The California Labor Commission specifically prohibits discrimination and retaliation against employees and job applicants throughout the state.
While discrimination and retaliation against an employee because of their age, race, disability, or reporting violations of law is clearly illegal, proving retaliation is occurring may be more difficult than simply accusing the employer of the act.
Here is what California employees need to know about pursuing a workplace retaliation claim.
How Can I Prove Workplace Retaliation in California?
Before California employees can prove workplace retaliation occurred, they must show:
- They engaged in a protected activity.
- The employer took adverse employment action against them.
- A link between the protected activity and the adverse employment action.
A protected activity may include:
- Filing or assisting in a Qui Tam lawsuit under the California False Claims Act.
- Opposing, complaining about, or participating in an investigation of workplace harassment or employment discrimination.
- Reporting workplace employment violations.
- Requesting reasonable accommodations for a disability or their religious beliefs.
An adverse employment action may include:
- Being passed up for promotion.
- Changing workplaces to an unfavorable area/location.
- Could shoulder treatment.
- Decreased pay.
- Exclusion from work activity and decision-making.
- Formal reprimands.
- Poor performance reviews.
- Reassignments to punish the employee.
- Verbal/physical abuse.
- Withholding benefits.
If you believe your employer is retaliating against you for standing up for your rights as a California employee, contact the Los Angeles employment lawyer at the Leichter Law Firm today to discuss your case during a free consultation.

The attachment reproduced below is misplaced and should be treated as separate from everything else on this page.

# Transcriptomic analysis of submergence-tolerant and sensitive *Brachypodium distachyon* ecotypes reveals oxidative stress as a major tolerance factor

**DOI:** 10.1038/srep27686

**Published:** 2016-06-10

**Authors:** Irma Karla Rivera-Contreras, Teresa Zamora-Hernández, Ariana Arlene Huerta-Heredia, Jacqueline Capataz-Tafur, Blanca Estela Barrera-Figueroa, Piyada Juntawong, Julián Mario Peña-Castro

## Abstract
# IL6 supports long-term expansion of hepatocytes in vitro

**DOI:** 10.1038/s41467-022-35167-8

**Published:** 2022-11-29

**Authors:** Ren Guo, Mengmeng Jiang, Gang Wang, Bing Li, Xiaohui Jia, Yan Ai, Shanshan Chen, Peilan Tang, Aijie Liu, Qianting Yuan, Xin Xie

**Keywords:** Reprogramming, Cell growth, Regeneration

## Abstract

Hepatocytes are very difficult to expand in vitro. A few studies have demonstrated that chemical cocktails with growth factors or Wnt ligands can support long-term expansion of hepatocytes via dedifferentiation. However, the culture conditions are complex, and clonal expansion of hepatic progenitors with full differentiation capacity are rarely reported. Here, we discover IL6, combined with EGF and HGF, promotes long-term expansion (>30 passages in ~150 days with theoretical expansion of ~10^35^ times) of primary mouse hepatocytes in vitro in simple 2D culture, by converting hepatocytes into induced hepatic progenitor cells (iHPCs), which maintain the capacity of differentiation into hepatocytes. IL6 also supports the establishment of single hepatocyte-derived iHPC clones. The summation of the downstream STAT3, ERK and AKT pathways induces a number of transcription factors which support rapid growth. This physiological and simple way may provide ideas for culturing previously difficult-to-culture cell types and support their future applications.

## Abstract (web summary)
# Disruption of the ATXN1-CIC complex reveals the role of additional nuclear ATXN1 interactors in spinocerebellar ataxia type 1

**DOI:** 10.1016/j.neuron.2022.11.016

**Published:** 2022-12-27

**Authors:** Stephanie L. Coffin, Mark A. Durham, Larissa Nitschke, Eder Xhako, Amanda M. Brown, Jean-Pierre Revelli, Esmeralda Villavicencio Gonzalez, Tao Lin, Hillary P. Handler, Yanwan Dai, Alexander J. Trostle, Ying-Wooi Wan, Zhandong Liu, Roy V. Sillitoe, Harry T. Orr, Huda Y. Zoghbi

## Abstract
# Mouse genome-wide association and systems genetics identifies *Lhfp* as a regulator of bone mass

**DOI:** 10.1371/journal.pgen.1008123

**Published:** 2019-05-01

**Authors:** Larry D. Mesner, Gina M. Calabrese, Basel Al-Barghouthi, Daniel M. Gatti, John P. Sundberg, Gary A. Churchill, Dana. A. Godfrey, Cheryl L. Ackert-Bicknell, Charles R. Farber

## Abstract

What Proof Do I Need that My California Employer is Retaliating Against Me?
California employees have the right to pursue a retaliation claim against their employers. To effectively do so, they must submit evidence that proves the retaliation was true.
That may include:
- Correspondences, emails, texts, and messages establishing retaliation has occurred.
- Work diaries noting the times and dates they believe they were being retaliated against.
- Lists of other employees who are and who are not being treated the same way.
- The company handbook and policies outlining deliberate violations.
- Formal complaints to the human resources department, manager, or supervisor outlining the form(s) of retaliation, and how it has impacted workplace performance.
Although this is not an exhaustive list of supporting documentation for California retaliation cases, these facts are a good start.
Next, contact Aryeh Leichter, the Leichter Law Firm, APC founder and employment law attorney in Los Angeles County to discuss the legal remedies that may be available for your unique workplace circumstances today, starting with a free consultation by calling 818-915-6624 or contacting the firm online.